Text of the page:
Robert Stevens’ reviews are like Volvos. Solid little review Volvos, chugging through the Fringe with their 120 words of reasonable, proof-read, quite-well-informed blah.
He’s SO reasonable that sometimes the most cutting comments almost slip away unnoticed. He’s a bit of a mailed-fist-in-a-velvet-glove merchant: “David Elms’ low-level subtlety is a delight to watch,” he says – at which Mr Elms probably got his hopes up. “His stand-up is often so mundane that it breaks past the barrier of observational comedy into the detached realm of the absurd.” Hmm. Of Chris Stokes he says “Instead of the quiet intensity that introverts usually exemplify, Stokes simply comes off as quiet”. And Pierre Novelie nearly got away with it until Stevens says: “He’s certainly a comedian to watch, but unfortunately not quite yet”.
None of this is criticism of Stevens, of course. In fact it’s quite impressive how his feelings run into one another rather than the usual signposting of what the reviewer does and doesn’t like. His reviews are considered and mostly useful to the act. When he decides to swing into quirky he does at least save it until the end: “[James] Acaster’s career has followed the three act structure of ‘Macbeth’. Catch him before he goes mad”.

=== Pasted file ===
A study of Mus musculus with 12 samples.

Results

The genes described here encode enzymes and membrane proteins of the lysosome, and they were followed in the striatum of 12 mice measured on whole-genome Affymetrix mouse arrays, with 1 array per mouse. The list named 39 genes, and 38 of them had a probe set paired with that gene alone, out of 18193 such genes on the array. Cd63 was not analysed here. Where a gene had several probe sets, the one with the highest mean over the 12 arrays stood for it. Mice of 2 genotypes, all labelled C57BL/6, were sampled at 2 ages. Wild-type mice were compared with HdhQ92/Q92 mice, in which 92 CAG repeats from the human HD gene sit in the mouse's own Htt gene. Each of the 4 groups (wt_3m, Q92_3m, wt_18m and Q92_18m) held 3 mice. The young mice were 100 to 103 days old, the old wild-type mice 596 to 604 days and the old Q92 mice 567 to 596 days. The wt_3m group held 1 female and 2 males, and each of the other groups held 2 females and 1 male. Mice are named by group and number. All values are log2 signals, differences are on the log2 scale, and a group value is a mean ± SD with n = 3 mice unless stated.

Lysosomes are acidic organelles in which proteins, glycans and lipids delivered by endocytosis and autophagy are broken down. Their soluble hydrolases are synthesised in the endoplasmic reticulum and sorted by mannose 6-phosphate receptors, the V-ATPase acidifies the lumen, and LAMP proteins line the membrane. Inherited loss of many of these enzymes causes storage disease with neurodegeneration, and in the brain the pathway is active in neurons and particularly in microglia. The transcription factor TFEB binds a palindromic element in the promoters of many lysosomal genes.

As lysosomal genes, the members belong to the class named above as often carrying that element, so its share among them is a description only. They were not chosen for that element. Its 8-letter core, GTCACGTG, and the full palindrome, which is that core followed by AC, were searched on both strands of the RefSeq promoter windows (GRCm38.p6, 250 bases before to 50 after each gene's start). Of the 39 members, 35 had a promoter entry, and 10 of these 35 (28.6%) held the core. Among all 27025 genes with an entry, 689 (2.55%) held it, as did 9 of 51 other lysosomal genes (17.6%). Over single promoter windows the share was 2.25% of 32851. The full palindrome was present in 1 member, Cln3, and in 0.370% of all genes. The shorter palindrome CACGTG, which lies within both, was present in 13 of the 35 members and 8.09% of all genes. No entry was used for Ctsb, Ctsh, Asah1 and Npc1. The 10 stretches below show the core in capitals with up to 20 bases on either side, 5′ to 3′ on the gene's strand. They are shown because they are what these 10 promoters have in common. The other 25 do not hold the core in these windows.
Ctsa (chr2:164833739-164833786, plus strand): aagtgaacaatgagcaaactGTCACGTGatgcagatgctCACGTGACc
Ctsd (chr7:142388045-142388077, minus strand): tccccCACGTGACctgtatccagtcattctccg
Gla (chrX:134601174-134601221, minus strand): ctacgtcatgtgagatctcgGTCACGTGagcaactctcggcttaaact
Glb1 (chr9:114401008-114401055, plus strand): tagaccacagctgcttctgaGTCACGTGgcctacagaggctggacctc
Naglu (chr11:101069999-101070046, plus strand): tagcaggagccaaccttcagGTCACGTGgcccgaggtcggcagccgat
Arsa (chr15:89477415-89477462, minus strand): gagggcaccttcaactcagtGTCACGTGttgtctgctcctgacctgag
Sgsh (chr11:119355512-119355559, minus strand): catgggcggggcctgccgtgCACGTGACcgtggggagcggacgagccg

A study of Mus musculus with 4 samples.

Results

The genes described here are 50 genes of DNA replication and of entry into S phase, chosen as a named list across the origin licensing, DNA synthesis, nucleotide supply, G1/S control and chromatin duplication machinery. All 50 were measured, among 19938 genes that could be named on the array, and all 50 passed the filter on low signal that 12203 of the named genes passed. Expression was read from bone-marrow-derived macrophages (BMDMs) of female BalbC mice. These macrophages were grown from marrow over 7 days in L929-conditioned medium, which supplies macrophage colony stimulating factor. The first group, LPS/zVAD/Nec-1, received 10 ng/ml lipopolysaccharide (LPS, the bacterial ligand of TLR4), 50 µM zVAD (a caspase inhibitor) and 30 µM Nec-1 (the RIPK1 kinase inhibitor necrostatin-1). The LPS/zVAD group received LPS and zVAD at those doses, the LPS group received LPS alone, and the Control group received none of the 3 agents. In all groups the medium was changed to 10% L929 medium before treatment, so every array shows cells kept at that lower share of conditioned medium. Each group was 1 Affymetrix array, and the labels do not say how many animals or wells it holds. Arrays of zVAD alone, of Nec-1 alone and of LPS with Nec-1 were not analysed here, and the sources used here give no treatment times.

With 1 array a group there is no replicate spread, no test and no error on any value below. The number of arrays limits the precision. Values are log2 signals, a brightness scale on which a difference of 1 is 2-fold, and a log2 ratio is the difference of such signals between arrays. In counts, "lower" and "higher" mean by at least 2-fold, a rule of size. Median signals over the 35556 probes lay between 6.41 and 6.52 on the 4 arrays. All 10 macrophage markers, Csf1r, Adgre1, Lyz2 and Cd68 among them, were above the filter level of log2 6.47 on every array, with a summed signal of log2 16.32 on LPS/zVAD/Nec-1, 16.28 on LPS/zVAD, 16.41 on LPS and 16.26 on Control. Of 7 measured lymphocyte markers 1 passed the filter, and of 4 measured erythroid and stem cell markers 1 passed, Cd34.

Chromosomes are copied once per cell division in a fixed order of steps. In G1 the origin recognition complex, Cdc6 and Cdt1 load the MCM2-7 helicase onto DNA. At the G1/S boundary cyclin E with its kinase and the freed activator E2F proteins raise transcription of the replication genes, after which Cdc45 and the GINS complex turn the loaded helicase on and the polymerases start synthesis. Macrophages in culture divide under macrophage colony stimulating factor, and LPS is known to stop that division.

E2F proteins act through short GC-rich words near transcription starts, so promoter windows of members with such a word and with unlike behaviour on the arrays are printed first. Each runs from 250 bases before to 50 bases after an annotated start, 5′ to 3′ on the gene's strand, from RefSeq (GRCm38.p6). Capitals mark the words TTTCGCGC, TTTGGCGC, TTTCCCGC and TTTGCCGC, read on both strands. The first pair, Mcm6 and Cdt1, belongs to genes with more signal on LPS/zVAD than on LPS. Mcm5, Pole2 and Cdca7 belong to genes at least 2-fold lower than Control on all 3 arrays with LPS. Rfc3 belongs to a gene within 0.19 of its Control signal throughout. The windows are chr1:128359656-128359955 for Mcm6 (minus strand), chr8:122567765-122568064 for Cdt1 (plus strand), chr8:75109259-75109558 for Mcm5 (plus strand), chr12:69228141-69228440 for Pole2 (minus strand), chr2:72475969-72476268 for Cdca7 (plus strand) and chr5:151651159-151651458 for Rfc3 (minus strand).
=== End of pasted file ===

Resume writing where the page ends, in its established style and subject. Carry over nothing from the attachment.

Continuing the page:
Stevens is one of those relatively few Three Weeks reviewers who can make every word of the 120-or-so limit really say something. Stevens does not, perhaps, write the most enthralling reviews, but these beige little boxes of text are reliable and safe. Ah, see what I just did? I did a compliminsult, a bit like Robert Stevens.